Savage (far right) not just talking the talking but walking the walk — all the way to Cabo, bringing music and gear to Baja orphanages.
This is how Jonathan Savage’s email begins: “It isn’t often I ask for help with my extra-curricular activities, but I’m in need of a little extra financial push to kick off a fundraising campaign for my latest charity project.” Savage, 34, plays bass guitar (and Flea) in San Diego–based tribute band the Red Not Chili Peppers. “Really,” he writes, “any amount is helpful.” Like 50 bucks, he will later tell the Reader over coffees in La Mesa. “What we’re looking for is money to buy used instruments. That Taylor [Guitars in El Cajon] gave us four guitars is awesome.”
Why? So Savage can donate the instruments to orphanages in Mexico. He’s got a plan already in motion. “You don’t know until you give it a shot, but we’ve been talking, the orphanages and I, and they’ve been into it.” But first, some back story: “I’ve been traveling to Mexico for six years now,” Savage says, “gigging and helping with events.” For example, he just booked a big show for Monterey for July 4. “I can’t remember exactly what their posters say, but it’s something like, ‘Just like the Fourth of July in America.’”
Caravan to Cabo
A mini documentary about the annual event
But Caravan to Cabo is the big one that keeps Savage coming back. “Caravan to Cabo,” he emails, “is a project I started last year that initially served to bring six bands and an amateur film crew from Southern California down to a free music festival I produce.” The two-day fest is part of a world-level surf competition in Cabo San Lucas. “I performed there the first year [with the Red Nots] and after, I said you guys need some help with the music. I took over the booking, marketing, scheduling, and so on. I wanted to bring a big California band aspect to the festival.” He’s succeeded. “This year we’ve got Steel Pulse, Donavon Frankenreiter, and more.” The stage, he says, is right on the beach.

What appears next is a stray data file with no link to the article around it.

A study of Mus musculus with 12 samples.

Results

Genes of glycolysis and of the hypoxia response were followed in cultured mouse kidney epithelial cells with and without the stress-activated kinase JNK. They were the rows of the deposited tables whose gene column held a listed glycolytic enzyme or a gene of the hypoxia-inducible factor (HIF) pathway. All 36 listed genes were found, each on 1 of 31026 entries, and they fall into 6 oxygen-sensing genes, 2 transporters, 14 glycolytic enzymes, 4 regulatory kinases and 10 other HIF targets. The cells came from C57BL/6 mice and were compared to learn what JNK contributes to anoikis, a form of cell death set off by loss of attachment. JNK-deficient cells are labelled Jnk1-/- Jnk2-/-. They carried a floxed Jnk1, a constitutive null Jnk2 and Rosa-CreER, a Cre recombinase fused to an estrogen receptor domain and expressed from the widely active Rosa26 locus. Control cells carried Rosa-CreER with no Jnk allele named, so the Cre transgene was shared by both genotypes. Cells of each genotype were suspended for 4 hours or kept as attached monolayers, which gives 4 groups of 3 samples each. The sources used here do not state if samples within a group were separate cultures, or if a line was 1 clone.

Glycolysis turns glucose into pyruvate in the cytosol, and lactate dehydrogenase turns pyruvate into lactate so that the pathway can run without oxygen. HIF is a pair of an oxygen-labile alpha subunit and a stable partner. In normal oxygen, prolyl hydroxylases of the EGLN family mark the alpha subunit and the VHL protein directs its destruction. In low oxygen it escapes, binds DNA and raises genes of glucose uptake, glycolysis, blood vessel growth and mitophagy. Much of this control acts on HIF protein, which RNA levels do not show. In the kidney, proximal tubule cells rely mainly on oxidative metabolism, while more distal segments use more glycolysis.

“The first year it was just a music festival and a summer party for musicians. We filmed it. It was a free concert for people who couldn’t afford that caliber of music. We have a crew of about 30 musicians, and last year, it was just about bringing them all down to Cabo. This year, we want to give back to the surrounding communities.” He says the bands will stop at four or five orphanages along the way and play acoustic sets with the instruments that they will then donate.
In years past, he says, “We were helped by so many communities on the way down. We’d be stranded by the side of the road, and people would come out and help us. When they’d find out we were musicians, their eyes would light up. The first documentary we filmed is all about that,” he says, “that you’re in better hands in Mexico than you are here.”
Caravan to Cabo departed June 9. Concerts run June 12–14.